PCP as an Illegal Drug
Phencyclidine, or 1-(1-phenylcyclohexyl) piperidine which is often shortened to PCP, is a dissociative recreational drug that was formerly used legally as an anesthetic agent.
Other names for PCP include black dust, cliffhanger, crystal t, dust joint, happy sticks, kools, lethal wapon, magic just, paz,Peter Pan, and trank.
PCP is an illegal drug in the United States. Under the Controlled Substance Act, it is a Schedule II drug. Like methamphetamine and cocaine, which are other Schedule II drugs, PCP has a high risk for abuse. Abusing PCP or other Schedule II drugs can lead to severe physical or psychological dependence.
PCP was first developed in 1926 in Germany, but was patented in 1952 as Sernyl by Parke-Davis pharmaceutical company as an intravenous dissociative anesthetic. However, because of its side effects of making patients delusional, irrational, and agitated, it was discontinued and taken off the market. Today PCP is used as an illegal recreational drug because of the hallucinogenic effects.
PCP is a white crystalline powder that is bitter tasting and can be easily dissolved in alcohol or water. It can also be dyed many different colors and is most often sold as a capsule, tablet, powder, or liquid.
It is typically abused by swallowing the capsules or tablets, snorting the power, or smoking it through application of the powder to a leaf like mint, parsley, oregano, or marijuana. It is also being used more and more in conjunction with cigarettes or marijuana by having it in liquid form and dipping the marijuana or cigarettes in it and proceeding to smoke it.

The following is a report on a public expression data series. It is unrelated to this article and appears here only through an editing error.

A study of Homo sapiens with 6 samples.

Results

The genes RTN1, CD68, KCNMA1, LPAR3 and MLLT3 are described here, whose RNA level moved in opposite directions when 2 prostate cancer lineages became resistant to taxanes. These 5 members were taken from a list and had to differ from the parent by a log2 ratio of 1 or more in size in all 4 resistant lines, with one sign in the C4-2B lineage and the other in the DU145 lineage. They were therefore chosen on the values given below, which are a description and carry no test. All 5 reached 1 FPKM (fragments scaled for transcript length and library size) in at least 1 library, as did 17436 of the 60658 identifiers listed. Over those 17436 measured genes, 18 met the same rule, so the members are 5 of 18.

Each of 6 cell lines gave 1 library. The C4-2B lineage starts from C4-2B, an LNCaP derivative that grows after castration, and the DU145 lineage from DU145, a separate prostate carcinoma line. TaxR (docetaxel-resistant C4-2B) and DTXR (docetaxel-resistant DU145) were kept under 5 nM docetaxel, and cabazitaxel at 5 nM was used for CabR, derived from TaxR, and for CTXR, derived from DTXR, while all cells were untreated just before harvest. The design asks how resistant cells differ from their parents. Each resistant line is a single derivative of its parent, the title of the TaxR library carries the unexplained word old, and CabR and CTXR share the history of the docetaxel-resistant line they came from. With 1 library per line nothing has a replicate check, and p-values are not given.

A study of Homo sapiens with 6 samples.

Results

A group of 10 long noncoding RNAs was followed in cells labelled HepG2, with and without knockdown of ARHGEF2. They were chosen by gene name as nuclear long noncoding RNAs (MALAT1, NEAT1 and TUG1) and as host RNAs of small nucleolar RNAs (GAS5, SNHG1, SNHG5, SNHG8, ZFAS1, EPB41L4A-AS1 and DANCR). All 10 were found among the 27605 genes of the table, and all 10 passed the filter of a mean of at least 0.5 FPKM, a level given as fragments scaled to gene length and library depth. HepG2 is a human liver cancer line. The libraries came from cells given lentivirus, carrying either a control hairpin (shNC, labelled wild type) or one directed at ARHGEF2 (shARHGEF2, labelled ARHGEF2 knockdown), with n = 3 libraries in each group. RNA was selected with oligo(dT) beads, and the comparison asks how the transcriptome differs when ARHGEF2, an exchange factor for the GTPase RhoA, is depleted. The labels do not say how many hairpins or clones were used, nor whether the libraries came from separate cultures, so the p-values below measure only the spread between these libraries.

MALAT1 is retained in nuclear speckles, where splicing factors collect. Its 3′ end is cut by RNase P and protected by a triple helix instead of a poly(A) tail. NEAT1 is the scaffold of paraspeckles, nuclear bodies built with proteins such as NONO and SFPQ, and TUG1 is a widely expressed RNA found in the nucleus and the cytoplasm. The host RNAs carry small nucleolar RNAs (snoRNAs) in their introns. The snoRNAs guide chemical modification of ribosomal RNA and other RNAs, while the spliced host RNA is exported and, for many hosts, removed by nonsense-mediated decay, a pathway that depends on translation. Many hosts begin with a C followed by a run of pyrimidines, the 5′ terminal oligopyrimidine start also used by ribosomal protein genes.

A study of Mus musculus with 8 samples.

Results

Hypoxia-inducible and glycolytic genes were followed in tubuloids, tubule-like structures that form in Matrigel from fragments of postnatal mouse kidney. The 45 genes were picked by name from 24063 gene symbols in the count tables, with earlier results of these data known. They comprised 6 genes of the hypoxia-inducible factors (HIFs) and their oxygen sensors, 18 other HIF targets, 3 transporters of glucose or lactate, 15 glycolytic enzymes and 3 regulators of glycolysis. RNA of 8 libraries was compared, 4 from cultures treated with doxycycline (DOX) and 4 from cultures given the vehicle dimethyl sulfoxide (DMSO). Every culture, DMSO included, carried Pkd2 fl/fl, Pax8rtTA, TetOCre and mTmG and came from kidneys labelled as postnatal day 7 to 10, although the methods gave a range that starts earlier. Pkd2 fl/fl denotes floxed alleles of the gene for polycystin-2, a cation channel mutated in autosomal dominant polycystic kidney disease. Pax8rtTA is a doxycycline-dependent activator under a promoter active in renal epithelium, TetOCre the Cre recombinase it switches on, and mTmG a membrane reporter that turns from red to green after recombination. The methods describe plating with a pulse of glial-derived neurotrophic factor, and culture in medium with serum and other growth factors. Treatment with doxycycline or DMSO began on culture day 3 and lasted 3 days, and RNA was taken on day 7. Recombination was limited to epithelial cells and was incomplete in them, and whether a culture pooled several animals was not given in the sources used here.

PCP is a very addictive drug whose use often results in cravings, compulsive behavior, and psychological dependence. It also produces certain unpleasant psychological effect that can cause users to become suicidal or violent.
PCP in high dosages can result in coma, seizures, or potentially death due to accidental injury or suicide due to the drug’s effects. The effects can also resemble those associated with schizophrenia, such as paranoia and delusions.
Other effects of PCP when used on a long-term basis include difficulty with thoughts or speech, depression, memory loss, and weight loss. These issues can continue for up or beyond a year after an individual stops using PCP.
PCP is especially risky young people. Moderate use of PCP can be enough to negatively affect the normal growth and development as well as disrupt the learning process in teenagers.
According to the studies by the National Household Survey of Drug Abuse, nearly 6 million residents who are at last 12 years old have tried PCP at least once. Furthermore, many young adults and teenager have tried the drug once as well.
High school students are one of the greater users of PCP, where more than 3 percent seniors in high schools have used PCP at least once in their lives, and more than 1 percent of students have used it in within the last year.